April 21, 2005, 12:00 AM

Yesterday’s e-mail tactics, strategies make way for today’s

A number of earlier best practices in e-mail no longer measure up to current thinking. The most successful e-mail marketers today are those that have completely overhauled their original programs, says Silverpop’s CEO.

CAN-SPAM, overflowing inboxes and higher customer expectations have dealt a death blow to a number of e-mail practices that once worked. “The companies that can boast the most effective e-mail programs today have been successful because they’ve completely overhauled their way of thinking,” says Bill Nussey, CEO of e-mail services provider Silverpop.

Nussey highlights a number of misconceptions that have been flipped around in the current practices of knowledgeable e-mail marketers. For example, they now recognize that the size of an e-mail list is less important than how the list is used. “Owning a huge list does you no good if no one on your list wants to hear from you and everyone on the list begins opting out,” says Nussey. “Focusing excessively on list size and frequency ignores the three most critical tenets of any e-mail marketing program: relevancy, recipient control and relationships.”

Nussey also challenges the idea that adding pizzazz to the subject line is the best way to increase response. Too many marketers overlook another area: the brand value in the “from" field. “If customers trust your company name and what it represents they will continue to read over to your subject line,” he says. “If your name in the ‘from’ line has come to represent irrelevant and useless e-mails, even the most enticing subject line is unlikely to convince people to open your messages.” As a result, he adds, marketers need to focus on how they use their e-mail “from” field with as much attention as they would give any online or offline branding effort.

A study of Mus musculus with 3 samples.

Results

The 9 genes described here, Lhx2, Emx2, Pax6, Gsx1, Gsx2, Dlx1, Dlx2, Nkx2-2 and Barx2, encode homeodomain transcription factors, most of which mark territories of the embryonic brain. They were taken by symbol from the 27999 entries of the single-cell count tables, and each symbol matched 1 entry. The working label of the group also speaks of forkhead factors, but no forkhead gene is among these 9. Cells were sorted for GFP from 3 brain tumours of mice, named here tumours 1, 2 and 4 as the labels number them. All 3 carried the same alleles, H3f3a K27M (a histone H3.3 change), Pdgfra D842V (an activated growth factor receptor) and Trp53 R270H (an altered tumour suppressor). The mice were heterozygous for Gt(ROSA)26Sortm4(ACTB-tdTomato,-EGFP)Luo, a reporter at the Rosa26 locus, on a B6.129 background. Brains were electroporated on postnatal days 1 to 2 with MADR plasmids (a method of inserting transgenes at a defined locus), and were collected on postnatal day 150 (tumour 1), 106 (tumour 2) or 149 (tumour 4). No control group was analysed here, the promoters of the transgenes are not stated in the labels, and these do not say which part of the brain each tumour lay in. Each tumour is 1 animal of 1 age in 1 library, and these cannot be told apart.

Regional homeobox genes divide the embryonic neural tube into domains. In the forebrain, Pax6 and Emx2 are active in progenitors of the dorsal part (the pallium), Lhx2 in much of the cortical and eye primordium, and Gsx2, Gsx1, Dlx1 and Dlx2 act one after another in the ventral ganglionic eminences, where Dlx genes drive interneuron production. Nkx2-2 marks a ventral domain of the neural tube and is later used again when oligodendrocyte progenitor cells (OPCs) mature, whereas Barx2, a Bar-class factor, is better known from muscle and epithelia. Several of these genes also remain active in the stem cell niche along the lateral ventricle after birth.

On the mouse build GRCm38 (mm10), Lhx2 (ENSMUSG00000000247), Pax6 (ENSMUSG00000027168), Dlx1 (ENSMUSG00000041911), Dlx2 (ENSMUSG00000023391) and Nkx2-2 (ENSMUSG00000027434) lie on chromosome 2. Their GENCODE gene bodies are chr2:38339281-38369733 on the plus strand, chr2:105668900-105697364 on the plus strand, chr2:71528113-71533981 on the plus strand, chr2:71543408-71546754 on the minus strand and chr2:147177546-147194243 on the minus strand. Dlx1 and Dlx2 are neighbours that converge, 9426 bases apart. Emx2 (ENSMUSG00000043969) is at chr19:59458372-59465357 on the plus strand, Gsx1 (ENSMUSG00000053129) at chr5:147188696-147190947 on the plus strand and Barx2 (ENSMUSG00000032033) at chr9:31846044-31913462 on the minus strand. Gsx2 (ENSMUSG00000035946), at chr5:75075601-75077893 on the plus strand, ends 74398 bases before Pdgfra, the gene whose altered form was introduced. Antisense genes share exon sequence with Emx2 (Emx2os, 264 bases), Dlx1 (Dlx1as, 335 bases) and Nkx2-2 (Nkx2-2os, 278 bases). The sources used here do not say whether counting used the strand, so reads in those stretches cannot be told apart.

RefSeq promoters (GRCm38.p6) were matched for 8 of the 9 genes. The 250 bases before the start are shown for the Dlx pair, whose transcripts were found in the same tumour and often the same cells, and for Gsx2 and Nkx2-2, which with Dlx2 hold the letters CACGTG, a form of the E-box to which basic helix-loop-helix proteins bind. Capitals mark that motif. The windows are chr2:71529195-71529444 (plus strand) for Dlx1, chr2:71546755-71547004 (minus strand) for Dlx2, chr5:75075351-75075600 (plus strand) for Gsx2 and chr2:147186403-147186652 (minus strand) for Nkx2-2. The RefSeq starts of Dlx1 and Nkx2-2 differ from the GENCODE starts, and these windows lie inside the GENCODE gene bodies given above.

One other shift in e-mail marketing strategy over time has been the need to look beyond immediate metrics such as click-through to the collective branding effect of individual e-mail campaigns, Nussey notes, adding that the need to drive results with each new campaign can overshadow larger, strategic and branding best practices, he says. “Companies that focus on short-term customer acquisition at the expense of relevance may sacrifice positive brand value. Companies that take the time to develop long-term relationships gain equity in the form of increased customer lifetime value.”